Kelly Richardson’s star is fast rising. The Canadian-born, UK-based cinematic installation artist is currently presenting a solo survey exhibition at the storied Albright Knox Art Gallery (until June 9), with one to follow at the Towner in Eastbourne, UK; another just closed (Edel Assanti, London, UK); and yet another opening tomorrow at Toronto’s Birch Libralato. Richardson is gaining momentum with a practice both popular and deeply thoughtful. Her filmic work orients itself around apocalyptic cinema (informed by science fiction and B-movie horror films, among so much else), and is anchored in real-time animation while its disquieting subjects signal a world laid to waste. Richardson drops the viewer into cavernous environments, an expanse of screens enveloping the visual space, and demands our quiet focus. Other-worldly landscapes wink movement, deep industrial soundscapes carry portent, and our movement feels unauthorized. This is what’s termed the “hyper real,” a notion that, due to our increased use of new media and forms of simulation, we can “no longer distinguish the real from the constructed.” ARTINFO Canada caught-up with Richardson on the eve of her Toronto exhibition opening to delve a little further.
You're producing immersive and sometimes disorienting filmic installations. In what ways does the conventional exhibition institution – the white cube - limit or enhance your work?
Every space has its own challenges and limitations (budget, size, light bleed, audio bleed, etc.) but white box gallery spaces still offer the best, controlled environments to present the work, where it's not otherwise informed by distractive elements around it or restrictive of how viewers engage with the work as it would be within a cinema, for instance. The works operate like moving paintings or filmic set extensions in a way, without a traditional narrative, inviting the viewer to spend as little or as long with the work as they like.
I noticed your photography at Papier13, this week, and was surprised to see your subjects and approach stilled in the photographic frame. What are the benefits of this medium's framework? Is it primarily to produce a salable object, or is there a greater good?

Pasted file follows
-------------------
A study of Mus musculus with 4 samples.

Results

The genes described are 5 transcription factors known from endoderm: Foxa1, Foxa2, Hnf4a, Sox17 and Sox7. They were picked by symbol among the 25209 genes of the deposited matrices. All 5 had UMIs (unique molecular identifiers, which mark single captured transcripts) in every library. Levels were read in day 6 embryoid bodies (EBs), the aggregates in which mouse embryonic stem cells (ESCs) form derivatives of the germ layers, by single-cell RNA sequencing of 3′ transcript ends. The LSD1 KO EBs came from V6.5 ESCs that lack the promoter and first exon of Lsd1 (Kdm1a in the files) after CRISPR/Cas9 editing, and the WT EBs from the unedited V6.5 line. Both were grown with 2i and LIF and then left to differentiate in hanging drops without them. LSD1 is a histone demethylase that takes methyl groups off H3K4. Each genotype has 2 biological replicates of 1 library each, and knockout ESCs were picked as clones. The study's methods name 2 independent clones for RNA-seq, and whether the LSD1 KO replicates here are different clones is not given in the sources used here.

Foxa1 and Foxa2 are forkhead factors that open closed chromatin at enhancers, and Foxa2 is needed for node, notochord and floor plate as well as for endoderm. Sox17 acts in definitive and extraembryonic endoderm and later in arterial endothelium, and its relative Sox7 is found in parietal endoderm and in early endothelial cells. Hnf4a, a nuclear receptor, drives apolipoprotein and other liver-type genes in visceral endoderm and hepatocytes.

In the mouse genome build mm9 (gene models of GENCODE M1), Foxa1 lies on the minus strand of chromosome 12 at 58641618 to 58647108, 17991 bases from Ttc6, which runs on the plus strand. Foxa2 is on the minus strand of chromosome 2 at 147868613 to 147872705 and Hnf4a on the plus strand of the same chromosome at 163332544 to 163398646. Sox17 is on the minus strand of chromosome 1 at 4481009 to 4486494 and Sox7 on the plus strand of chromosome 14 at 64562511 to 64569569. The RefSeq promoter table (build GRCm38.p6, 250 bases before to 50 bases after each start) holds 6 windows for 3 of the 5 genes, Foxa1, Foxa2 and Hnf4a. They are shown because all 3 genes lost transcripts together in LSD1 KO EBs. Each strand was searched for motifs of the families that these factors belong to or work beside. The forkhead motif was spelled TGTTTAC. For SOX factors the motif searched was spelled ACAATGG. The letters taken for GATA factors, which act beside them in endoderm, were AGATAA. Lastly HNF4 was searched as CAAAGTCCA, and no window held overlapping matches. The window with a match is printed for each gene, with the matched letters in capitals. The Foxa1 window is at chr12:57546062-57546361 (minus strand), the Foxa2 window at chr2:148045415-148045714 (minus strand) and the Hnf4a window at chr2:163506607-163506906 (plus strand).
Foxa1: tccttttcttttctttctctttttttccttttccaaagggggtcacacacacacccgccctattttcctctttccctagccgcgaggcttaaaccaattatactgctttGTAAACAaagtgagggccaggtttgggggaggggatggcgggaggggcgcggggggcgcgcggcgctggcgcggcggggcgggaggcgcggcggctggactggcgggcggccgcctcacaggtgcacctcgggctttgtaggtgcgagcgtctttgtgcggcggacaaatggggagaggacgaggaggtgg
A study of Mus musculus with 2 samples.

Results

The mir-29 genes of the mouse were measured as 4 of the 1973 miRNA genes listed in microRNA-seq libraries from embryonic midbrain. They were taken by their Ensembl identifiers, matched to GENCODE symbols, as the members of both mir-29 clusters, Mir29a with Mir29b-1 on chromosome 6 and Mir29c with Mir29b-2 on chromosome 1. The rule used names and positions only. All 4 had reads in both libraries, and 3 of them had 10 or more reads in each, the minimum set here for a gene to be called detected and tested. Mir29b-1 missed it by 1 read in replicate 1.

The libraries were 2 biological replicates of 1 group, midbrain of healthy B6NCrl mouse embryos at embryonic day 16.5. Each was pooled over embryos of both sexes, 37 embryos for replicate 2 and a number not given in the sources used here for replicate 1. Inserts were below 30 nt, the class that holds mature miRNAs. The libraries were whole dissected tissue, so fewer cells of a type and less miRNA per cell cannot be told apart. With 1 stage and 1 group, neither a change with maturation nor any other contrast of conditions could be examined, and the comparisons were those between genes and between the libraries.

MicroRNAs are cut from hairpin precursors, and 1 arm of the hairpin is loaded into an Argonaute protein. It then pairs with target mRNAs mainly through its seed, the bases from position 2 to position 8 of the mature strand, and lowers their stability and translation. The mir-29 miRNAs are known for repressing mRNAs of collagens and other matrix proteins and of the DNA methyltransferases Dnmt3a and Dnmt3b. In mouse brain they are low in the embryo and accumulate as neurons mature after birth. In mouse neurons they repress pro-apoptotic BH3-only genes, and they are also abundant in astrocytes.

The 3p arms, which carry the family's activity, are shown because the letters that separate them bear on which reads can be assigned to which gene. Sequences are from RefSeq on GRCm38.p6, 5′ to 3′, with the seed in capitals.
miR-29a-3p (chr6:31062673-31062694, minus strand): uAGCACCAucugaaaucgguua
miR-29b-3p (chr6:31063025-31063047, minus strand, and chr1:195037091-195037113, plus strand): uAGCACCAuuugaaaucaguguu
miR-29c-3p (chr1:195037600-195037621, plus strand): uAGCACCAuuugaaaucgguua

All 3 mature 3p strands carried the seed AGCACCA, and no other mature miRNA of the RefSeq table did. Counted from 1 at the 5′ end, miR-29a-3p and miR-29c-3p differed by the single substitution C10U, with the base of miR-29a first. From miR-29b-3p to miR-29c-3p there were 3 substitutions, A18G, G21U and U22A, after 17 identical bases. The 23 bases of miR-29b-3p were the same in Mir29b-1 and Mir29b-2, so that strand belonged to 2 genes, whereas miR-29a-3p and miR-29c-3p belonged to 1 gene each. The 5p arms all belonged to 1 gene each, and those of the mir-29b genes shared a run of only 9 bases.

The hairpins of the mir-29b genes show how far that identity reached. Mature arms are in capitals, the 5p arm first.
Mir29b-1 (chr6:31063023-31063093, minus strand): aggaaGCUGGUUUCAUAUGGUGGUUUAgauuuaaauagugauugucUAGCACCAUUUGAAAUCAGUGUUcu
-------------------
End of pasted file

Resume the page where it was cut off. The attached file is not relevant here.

The work you would have seen is a C-print from “The Erudition,” which is also a video installation, as you know. However, the C-prints are much taller, incorporating a much larger, star-filled sky. I see the prints as being complementary to the videos, offering something that the videos don't, and vice versa. They are not simply stills; they are produced separately from the video and require quite a lot of studio time to facilitate. They lack movement and audio but they're also not confined to the limitations of video in terms of dimensions or quality – so they offer the opportunity to investigate a combination of composition and detail that video does not.
Sound and experience-based practices, where a viewer's reception "completes" the work, is becoming more popular. However, while your work certainly invites a viewer's response, it isn't dependent on a viewer's involvement to be "completed" (in the way that Janet Cardiff's audio-walks, or Raphael Lozano Hemmer's interactive installations are, for example). What is your reflection on this divide, and do you hope to bridge it, or transcend it?
I'm after creating immersive, experiential works where the viewer imparts their particular reading through a kind of calculated ambiguity. In a sense, the works are completed through interpretation and, quite importantly, the viewer imagining themselves within the landscape but not in the same way the audio-walks or physically triggered interactive installations are. I don't really have a particular agenda in how the two relate; I'm just trying to do my own thing, really.
Do you regard your landscape environments to be dystopic? If so (or, indeed, if not), what do you regard our dystopia to look like, and what will it be the product of?
Somewhat. It depends on the particular interpretation, as there are always several ways to read the work. Our dystopia? Well, paying attention to what the world's leading climate scientists are saying, the path that we're on is nothing short of terrifying, the exact results of which are truly unthinkable. Climate change, above all other threats (nuclear war, disease, etc.) is the one we seem least capable to preventing and the one which promises the most catastrophic results. It's the biggest human rights issue of our time.
How does your work define itself as art, separate from sensorial installation - something more educative or experiential, say?
Experiential, yes, but I would argue that all art is. I don't view my work as being educative, per se. The pieces may offer the opportunity for people to view the world differently but that, in my opinion, is what art does best. To quote a friend and researcher here at Newcastle University, "Art can take us out of our normal lives and enable us to change our thinking, which can have a profound influence on how we relate to the world around us." (Anna Goulding) I would hope that this is how my work is defined as art, as a start.
What is the potential of your media, and in what ways would you wield it if anything was possible?
The potential is in flux, always evolving. In the short term it would be great to always have proper equipment to show existing work but it remains a constant struggle. If all limitations were removed, I'm not sure how I would wield it but it's exciting to think about.